HR shares blame for Whitehall problems

Poor people management and inadequate HR provision are at the heart of failings in Whitehall, according to detailed scrutiny of four main government departments.

The Home Office, the Department for Constitutional Affairs, the Department for Work and Pensions (DWP), and the Department for Education and Skills (DfES) were all subject to wide-ranging ‘capability reviews’, which were ordered by cabinet secretary Sir Gus O’Donnell.

The Home Office fared worst, with the review calling for an urgent improvement in leadership, project management, people management and the department’s inflexible and unresponsive HR systems. On its leadership’s ability to motivate staff, the Home Office was judged a “seriously poor performer”.

Home secretary John Reid immediately announced a purge in top-ranking Home Office officials, with more than a quarter of directors set to be shifted from their jobs.

The review of the DfES was scathing about its people management, declaring it was “underdeveloped and undervalued”.

“Managers feel they lack support from senior managers and HR professionals to deal confidently with poor performers,” the review said. “Some specific skills are in short supply, particularly in HR.”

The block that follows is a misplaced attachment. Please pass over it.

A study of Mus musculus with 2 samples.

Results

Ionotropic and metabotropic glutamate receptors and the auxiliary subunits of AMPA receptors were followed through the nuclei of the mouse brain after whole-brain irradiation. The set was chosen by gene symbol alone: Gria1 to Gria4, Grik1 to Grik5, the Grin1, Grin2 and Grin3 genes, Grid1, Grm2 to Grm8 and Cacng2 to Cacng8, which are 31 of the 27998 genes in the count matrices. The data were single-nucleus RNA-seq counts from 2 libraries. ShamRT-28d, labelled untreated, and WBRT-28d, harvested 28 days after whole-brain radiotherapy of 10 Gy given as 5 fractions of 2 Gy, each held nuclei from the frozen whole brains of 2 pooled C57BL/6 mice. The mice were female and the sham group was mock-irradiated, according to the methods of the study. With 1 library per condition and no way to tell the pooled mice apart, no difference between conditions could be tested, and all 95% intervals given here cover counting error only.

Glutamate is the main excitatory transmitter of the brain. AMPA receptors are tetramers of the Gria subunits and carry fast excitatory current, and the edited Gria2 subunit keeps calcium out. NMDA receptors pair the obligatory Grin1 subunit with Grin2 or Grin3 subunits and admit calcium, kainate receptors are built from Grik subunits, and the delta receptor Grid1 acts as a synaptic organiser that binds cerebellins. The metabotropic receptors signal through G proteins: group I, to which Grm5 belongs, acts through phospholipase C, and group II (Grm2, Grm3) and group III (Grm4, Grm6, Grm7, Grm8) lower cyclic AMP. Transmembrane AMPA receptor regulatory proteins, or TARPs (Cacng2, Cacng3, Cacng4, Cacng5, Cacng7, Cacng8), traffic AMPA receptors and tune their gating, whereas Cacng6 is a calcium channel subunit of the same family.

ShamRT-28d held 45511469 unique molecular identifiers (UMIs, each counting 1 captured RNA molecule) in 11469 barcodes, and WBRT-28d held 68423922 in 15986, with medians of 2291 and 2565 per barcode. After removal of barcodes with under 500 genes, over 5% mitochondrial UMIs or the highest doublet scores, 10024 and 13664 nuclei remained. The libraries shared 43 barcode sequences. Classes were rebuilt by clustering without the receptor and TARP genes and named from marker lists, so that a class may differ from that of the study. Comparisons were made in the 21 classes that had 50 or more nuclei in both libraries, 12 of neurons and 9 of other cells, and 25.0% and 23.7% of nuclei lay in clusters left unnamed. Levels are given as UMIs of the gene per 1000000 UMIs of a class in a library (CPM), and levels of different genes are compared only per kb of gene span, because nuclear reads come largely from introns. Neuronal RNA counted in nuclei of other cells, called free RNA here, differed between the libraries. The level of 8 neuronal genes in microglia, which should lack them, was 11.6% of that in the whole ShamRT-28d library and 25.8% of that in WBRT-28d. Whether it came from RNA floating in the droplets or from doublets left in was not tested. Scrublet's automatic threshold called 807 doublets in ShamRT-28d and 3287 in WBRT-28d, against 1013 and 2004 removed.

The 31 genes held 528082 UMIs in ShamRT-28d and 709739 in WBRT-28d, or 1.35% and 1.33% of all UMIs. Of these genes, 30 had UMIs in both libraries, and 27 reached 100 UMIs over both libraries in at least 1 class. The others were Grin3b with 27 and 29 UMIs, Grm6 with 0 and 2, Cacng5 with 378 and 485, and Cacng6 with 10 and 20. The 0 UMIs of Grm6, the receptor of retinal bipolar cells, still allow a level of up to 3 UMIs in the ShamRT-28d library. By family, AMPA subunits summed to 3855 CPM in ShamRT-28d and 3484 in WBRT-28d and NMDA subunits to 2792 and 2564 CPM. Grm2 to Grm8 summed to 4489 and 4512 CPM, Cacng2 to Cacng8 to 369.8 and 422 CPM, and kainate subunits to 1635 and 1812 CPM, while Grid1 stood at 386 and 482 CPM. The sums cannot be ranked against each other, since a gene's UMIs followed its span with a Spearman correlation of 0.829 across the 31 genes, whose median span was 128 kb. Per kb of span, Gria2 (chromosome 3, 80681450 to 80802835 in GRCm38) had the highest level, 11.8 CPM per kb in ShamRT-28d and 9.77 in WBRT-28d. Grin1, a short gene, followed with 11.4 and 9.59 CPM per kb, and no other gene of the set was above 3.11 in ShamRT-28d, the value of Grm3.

David Bell, permanent secretary at the DfES, admitted that “our management of people needs to improve dramatically”.

The DWP needs urgent development in the ability to build the capacity of its staff, the review said. The DWP’s permanent secretary, Leigh Lewis, said: “The review rightly identifies that too many of our staff, while proud of what they do, are not proud of the department or the way they are led.”

Mike Emmott, head of employee relations at the Chartered Institute of Personnel and Development, said the failings in HR could partly be explained by “huge pressures”, such as the government efficiency review.

And Jonathan Werran, director of public sector consultancy Governetz, said the tightening of budgets meant that Whitehall managers were less likely to go the extra mile for their departments.

“If you are an entrepreneurial civil servant, the risks of screwing up are far greater than monetary or promotional reward,” he said.